Mr. Touhig: Service personnel do not actually elect to join the Armed Forces Pension Scheme; membership is automatic for all from age 18, for non-commissioned ranks, and age 21, for officers, or upon joining the service, whichever is the later.
Eligible widows/widowers of service personnel receive benefits under the scheme from the day following the date of death. Eligible children of deceased service personnel normally receive benefits until age 17, or until full-time education has ceased.
Mr. Ancram: To ask the Secretary of State for Defence how many personnel from the 2003 invasion of Iraq on Operation Telic have since developed symptoms similar to those experienced by personnel from Operation Granby. 
Mr. Touhig: Information on all the illnesses reported by service personnel who have served on Operation Telic is not held centrally. Although the medical records of individuals who have left the services are held by each service at individual central locations, the records of personnel who are still serving are normally held at their unit medical centre.
As a result of the lessons learned during the 199091 Gulf conflict, the MOD put in place a large scale and longer-term epidemiological research plan to monitor the physical and psychological health of personnel who served in Operation Telic. If any unusual patterns of illness are found, they will be addressed as soon as possible. This research is being undertaken by King's College, London and is subject to independent oversight. The results are expected to be published this summer.
To ask the Secretary of State for Defence pursuant to the Answer to the hon. Member for Hornsey and Wood Green (Lynne Featherstone) of 2 March 2006, Official Report, column 873W, on the nuclear deterrent, when he expects the preparatory work
John Reid: It is too early to say how long it might take to complete the preparatory work in advance of decisions on the future of the UK's nuclear deterrent. It remains the case that decisions are likely to be taken in the course of the current Parliament but, as I said during Defence Questions on 23 January 2006, Official Report, column 1153, I am unlikely to receive papers on this for some time.
As I said during Defence Questions on 14 November 2005, Official Report, column 692, there are five people within my Department working full time on policy relating to the future of the UK deterrent. A number of other personnel are working part or full time on other aspects of this issue, but it is not possible to give a precise figure for the number of people involved in the process.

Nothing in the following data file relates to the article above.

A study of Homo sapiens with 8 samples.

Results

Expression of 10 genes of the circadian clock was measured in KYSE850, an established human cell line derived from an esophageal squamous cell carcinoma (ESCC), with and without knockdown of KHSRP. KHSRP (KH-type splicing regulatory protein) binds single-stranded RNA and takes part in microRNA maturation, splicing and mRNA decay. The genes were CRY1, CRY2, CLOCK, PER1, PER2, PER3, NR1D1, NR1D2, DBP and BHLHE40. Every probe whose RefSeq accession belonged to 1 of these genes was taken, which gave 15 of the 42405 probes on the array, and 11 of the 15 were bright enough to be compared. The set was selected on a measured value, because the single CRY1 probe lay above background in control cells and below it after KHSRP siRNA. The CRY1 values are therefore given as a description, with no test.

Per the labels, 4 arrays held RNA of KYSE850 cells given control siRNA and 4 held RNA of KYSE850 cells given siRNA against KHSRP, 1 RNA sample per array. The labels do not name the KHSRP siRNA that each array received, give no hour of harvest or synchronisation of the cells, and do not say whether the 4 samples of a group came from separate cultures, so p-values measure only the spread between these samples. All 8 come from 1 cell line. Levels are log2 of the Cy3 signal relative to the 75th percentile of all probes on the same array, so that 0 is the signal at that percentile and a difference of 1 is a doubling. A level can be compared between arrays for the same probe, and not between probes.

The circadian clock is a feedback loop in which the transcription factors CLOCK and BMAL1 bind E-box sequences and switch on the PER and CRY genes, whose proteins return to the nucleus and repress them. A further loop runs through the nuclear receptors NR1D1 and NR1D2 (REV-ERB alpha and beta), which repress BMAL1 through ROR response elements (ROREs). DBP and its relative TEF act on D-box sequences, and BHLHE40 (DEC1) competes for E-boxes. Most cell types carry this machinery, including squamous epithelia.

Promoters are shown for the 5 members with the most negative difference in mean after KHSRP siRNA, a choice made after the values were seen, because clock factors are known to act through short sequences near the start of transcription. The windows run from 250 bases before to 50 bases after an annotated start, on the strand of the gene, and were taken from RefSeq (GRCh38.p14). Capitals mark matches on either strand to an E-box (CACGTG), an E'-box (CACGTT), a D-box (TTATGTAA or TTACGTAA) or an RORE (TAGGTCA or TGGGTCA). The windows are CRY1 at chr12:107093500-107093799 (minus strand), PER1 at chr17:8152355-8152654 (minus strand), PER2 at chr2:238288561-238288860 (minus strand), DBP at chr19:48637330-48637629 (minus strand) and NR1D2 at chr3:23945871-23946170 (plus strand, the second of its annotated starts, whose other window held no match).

Daniel Kawczynski: To ask the Secretary of State for Defence what steps he has taken to ensure that those functions of his Department and its associated public bodies which he plans to privatise are not undertaken by companies based in countries whose interests conflict with those of the UK. 
Mr. Ingram: Royal Air Force Air Transport and Air Refuelling Squadrons have the flexibility to decide which weapons their crews should carry. RAF C130 aircrew operating in the most hostile environments have been carrying the SA80 weapon for many years.
Ann Winterton: To ask the Secretary of State for Defence (1) what are the terms of the holiday time and pay of Territorial Army personnel on (a) a three month operational deployment and (b) a six month deployment; 
Members of the Territorial Army are paid the same daily rate of pay as regular soldiers throughout their period of mobilisation, according to their rank, trade and length of service. Any difference between the pay of reservists while mobilized and their normal Civilian earnings is paid by the Ministry of Defence up to a limit of £200,000 per annum. Reservists
The information requested relating to the average pay for Territorial Army (a) privates, (b) NCOs and (c) officers on deployment is not held centrally and can only be provided at a disproportionate cost.
Following three months of mobilised service in an operational theatre, an individual will be entitled to 19 days leave (eight days annual leave and 11 days Post Operational Tour Leave (POTL)). Following six months of mobilised service in an operational theatre, an individual will be entitled to 36 days leave (15 days annual leave and 21 days POTL).
Mr. Touhig: Terms of service for Territorial Army officers will be amended with effect from 1 April to allow for a common retirement age of 60, thus standardising previously disparate practice and removing the need for officers below the age of 60 to apply each year for an extension to service.
Ann Winterton: To ask the Secretary of State for Defence (1) how many (a) Territorial Army recruits have been enlisted and (b) Territorial Army personnel have qualified to become deployable in each of the last five years, excluding the Officer Training Corps; 
Mr. Touhig: Figures on the number of recruits are only available for the past two years. 5,710 recruits enlisted into the Territorial Army in 2004 and 6,430 in 2005. The number of recruits who have qualified to be deployable is not held centrally but the trained strength in each of the past five years is shown in the following table. All trained personnel may be deployed providing they are medically fit and have not been deployed within the timescales outlined in the Reserve Forces Act 1996.
Mr. Touhig: I am pleased to observe that, as a result of Territorial Army (TA) Rebalancing, there will be an increased TA presence at the TA Centre in Chorley. The current medical detachment will become C Medical Squadron of 5 General Support Medical Regiment, increasing by up to 110 personnel. Additionally, a new detachment of 55 Military Intelligence Company of 5 Military Intelligence Battalion will be established there resulting in a further increase of about 18 personnel. It is currently planned that these changes will be fully implemented by late 2006.